What does it mean for an element to be mobile or immobile in plants?
Generally speaking, mobile elements are those that can be moved from older to newer tissue in the plant, while immobile ones cannot be. For example, calcium is incorporated into the cell wall, so it is immobile; it cannot be relocated later.
Plants with a deficiency of mobile elements (e.g. nitrogen) will exhibit damage to older tissues as the nutrients are moved to new growth. Conversely, plants lacking immobile elements (e.g. calcium) will exhibit stunted new growth while the older tissues stay healthy. Some elements (e.g. sulphur) fall somewhere between these two extremes.
To illustrate this concept, here is a plant with nitrogen deficiency (source). Notice how the older leaves are dying while the newer leaves are relatively normal.
Is there an official list of mobile and immobile elements?
No. You will probably have to survey the literature yourself to come up with such a list.
Why are some elements not mentioned in the sources?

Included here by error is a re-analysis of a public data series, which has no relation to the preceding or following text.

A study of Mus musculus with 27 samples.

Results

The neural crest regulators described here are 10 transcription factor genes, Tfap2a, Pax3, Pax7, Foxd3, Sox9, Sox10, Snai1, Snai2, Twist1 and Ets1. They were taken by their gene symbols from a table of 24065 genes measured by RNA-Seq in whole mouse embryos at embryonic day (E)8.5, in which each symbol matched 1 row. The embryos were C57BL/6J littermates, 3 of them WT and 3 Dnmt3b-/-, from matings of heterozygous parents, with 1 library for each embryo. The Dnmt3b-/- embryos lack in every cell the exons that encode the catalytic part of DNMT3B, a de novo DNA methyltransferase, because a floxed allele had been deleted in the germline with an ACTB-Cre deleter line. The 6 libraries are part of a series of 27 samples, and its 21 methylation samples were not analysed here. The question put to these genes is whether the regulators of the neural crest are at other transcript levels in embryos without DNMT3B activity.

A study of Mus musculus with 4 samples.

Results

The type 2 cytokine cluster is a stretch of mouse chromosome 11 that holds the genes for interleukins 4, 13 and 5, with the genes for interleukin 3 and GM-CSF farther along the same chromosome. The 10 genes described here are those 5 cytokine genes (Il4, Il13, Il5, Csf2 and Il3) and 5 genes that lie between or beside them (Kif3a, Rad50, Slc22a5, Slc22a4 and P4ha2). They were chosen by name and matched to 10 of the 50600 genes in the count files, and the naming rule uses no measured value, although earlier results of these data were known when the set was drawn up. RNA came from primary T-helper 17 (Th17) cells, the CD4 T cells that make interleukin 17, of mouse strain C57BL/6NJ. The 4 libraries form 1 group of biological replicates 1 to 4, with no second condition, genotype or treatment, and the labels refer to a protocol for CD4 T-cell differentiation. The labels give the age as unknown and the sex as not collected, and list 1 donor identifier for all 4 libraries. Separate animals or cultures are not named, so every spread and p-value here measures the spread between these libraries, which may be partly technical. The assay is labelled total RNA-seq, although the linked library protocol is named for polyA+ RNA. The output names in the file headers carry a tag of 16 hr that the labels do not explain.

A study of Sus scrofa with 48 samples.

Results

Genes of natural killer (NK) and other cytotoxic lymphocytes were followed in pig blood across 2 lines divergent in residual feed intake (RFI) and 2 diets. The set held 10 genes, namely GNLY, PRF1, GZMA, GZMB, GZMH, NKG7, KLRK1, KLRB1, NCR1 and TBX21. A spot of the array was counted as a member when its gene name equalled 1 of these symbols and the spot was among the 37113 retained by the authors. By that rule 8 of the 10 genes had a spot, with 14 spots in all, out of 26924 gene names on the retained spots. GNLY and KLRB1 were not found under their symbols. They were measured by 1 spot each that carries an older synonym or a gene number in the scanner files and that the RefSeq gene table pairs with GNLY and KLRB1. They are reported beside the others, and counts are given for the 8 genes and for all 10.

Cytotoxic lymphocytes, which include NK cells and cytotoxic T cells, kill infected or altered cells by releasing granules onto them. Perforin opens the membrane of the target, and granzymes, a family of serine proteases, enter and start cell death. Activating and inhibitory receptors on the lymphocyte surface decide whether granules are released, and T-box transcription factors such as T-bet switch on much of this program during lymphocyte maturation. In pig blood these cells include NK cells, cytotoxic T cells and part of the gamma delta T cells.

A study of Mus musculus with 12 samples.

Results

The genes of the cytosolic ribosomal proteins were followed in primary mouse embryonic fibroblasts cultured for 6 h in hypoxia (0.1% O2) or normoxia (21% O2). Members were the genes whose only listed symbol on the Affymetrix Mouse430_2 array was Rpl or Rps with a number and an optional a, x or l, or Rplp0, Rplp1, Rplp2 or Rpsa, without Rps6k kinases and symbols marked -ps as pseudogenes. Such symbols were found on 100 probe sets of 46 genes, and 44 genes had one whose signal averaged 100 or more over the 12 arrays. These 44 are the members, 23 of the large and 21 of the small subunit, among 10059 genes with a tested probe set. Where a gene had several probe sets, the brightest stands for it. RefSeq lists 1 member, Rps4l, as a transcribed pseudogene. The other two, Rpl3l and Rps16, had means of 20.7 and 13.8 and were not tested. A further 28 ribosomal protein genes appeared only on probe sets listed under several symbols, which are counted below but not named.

Elements like Pb or Sr do not appear in either list because plants generally do not use these elements at all. Only a few elements are present in any appreciable quantity in plants. The main elements used are C, H, O, P, K, N, S, Ca, Fe, and Mg. Additionally, some other elements such as Cu, Mo, Al, and Cl are used in trace amounts as enzymatic cofactors. Si is used for structural purposes in some plants.
However, even for "useless" elements, it is possible to study how these elements are absorbed transported through a given plant. For instance, Rediske and Selders (1953) studied the absorption of strontium by bean plants using radioactive labeling, and concluded that the element was not relocated once absorbed by the plant. This would make it an immobile element.